World Bank Group’s private sector lending arm International Finance Corporation (IFC) is the issuer of the bond, the proceeds of which have been planned for investment in private infrastructure projects and projects under the public-private partnership initiatives
Bangladeshi Taka Bond called ‘Bangla Bond’ worth $9.5 million or Tk800 million was listed on the London Stock Exchange (LSE) on Monday.
World Bank Group’s private sector lending arm International Finance Corporation (IFC) is the issuer of the bond, the proceeds of which have been planned for investment in private infrastructure projects and projects under the public-private partnership initiatives.
The proceeds of the first-ever bond issued in the international markets would be used for expanding operations and distribution for PRAN Group, one of Bangladesh's leading processed food and beverage manufacturers and a major private sector employer in the country, Shehzeen Choudhury for IFC said in a statement for media.
The three-year bond was placed with asset managers dedicated to emerging markets, with the deal arranged by Standard Chartered Bank and Bank of America Merrill Lynch, the statement added.
The IFC said the proceeds of the bonds would be used to provide financing to the PRAN Group to boost their processing capacities and deepen the rural distribution reach.
A spokesperson for IFC, who wished not to be named, told Dhaka Tribune that IFC was working for improvement of the private sector and the proceeds of the taka bond would be lent to private sector clients in Bangladesh.
The IFC spokesperson said many international investors were interested in investing Taka-denominated bond with a view to keeping their investment free from possible risks due to exchange rate fluctuation.
"Generally, investment in Bangladesh's private sector initiatives needs to proceed through a lot of official formalities, which make the thing costlier and time consuming. So, investing in Taka Bond will not require that much cost and time. This is basically to attract investors," said the IFC spokesperson.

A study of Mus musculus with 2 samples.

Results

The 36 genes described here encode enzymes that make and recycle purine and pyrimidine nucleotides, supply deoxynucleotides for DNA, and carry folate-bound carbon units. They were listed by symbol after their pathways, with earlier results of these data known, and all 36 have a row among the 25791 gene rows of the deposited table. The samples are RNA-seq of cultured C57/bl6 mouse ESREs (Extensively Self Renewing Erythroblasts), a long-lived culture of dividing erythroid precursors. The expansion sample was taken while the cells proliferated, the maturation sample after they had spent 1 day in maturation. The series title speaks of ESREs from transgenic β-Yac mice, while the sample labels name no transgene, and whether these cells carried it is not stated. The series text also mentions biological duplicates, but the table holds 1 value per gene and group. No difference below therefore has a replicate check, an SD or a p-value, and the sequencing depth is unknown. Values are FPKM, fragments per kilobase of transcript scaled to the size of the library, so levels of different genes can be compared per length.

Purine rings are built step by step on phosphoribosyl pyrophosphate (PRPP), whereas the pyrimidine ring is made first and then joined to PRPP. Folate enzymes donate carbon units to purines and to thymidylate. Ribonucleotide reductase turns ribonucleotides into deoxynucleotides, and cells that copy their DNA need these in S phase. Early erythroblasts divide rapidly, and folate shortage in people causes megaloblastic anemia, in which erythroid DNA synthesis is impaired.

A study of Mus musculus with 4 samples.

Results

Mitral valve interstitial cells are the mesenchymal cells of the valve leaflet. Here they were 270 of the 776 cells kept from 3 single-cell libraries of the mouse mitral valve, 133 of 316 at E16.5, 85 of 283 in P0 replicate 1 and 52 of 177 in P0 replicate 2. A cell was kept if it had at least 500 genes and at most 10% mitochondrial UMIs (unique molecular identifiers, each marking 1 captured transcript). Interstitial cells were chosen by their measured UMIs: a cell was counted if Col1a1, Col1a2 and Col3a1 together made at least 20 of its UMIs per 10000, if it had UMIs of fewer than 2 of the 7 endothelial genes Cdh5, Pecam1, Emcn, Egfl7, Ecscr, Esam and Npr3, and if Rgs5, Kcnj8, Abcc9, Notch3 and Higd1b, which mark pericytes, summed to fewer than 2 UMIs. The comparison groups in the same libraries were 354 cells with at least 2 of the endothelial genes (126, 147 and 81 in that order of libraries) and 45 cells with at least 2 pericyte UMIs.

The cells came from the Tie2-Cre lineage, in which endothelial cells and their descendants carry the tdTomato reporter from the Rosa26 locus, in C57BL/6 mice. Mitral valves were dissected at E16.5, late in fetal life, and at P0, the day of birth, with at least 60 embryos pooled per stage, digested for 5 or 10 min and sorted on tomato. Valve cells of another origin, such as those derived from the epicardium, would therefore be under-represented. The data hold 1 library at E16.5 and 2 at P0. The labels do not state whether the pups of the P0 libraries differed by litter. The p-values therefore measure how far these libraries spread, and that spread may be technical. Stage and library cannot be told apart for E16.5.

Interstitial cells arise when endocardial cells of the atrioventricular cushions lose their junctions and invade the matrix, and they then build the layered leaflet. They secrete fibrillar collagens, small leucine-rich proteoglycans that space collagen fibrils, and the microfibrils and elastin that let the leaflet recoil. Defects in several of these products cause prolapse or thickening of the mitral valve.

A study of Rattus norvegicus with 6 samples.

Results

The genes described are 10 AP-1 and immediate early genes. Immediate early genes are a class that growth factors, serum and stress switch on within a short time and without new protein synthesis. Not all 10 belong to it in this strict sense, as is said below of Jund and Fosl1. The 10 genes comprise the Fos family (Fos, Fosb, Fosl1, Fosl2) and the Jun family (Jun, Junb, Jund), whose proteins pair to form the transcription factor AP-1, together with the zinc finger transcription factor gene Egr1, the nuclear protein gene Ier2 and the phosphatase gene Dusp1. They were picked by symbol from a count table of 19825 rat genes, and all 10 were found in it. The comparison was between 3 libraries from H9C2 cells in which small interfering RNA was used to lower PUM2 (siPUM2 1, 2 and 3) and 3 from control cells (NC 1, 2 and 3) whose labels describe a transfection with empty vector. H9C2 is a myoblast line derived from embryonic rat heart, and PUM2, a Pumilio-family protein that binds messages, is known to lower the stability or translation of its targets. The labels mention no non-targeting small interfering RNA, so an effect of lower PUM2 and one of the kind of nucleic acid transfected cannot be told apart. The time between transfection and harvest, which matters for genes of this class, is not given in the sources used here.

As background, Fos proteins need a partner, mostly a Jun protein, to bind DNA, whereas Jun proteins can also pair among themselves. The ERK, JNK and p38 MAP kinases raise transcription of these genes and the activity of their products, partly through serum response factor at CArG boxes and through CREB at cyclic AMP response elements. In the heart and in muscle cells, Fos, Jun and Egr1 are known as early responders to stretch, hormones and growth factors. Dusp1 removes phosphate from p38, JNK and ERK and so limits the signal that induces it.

The IFC spokesperson said getting international finance in Taka would benefit Bangladesh economy in various ways.
The IFC official said the size of the bond might be raised to any amount depending on demands from the both ends — local enterprises and investors.
Finance Minister AHM Mustafa Kamal, Prime Minister’s Adviser on Private Sector Industry and Investment Salman F Rahman and Bangladesh High Commissioner to the UK Saida Muna Tasneem attended the enlistment ceremony, among others, in London.
Speaking on the occasion, Mustafa Kamal said: “The issuance of the ‘Bangla Taka Bond’ is the beginning of a long journey to our destination.”
Nikhil Rathi, chief executive officer, London Stock Exchange Plc and Director of International Development, LSE, said: “This landmark bond from IFC paves the way for the opening of the global Bangla bond market and raises the profile of the Bangladeshi Taka internationally. London is a leading exchange for local currency issuance, with Masala, Dim Sum and Komodo bonds raising in excess of $23 billion on our markets. We are delighted to welcome the Bangladeshi Taka to London and congratulate IFC on their pioneering transaction.”
IFC Vice President for Asia and Pacific Nena Stoiljkovic said: “The Bangla Bond, issued by triple A-rated IFC, will help provide Taka-denominated solutions for fast-growing corporates in agribusiness, manufacturing and financial services. We look forward to remaining an active partner in Bangladesh’s journey to attain greater prosperity.”
IFC Vice President and Treasurer John Gandolfo said: “The issuance of the inaugural Bangla Bond is a significant capital markets innovation and milestone for Bangladesh. IFC is committed to expanding local currency financing in emerging markets. In Bangladesh, we plan to continue issuing Taka bonds to fund local currency transactions.”
IFC issues local currency-denominated bonds in emerging market currencies as part of its regular program of raising funds for private sector and domestic capital markets development. In many cases, IFC is the first, or among the first, nonresident issuers in local currency both in domestic and international markets. IFC bonds are rated triple-A by Moody’s Investors Service and Standard & Poor’s.
Since the inception of the local currency lending program in the early 2000s, IFC has extended more than $16 billion in financing to its clients globally, in more than 50 currencies, including the Indian Rupee, Chinese renminbi, Brazilian real, South African rand, Turkish lira, Kazakh tenge, Sri Lankan Rupee, Cambodian Riel, Myanmar Kyat and Russian ruble.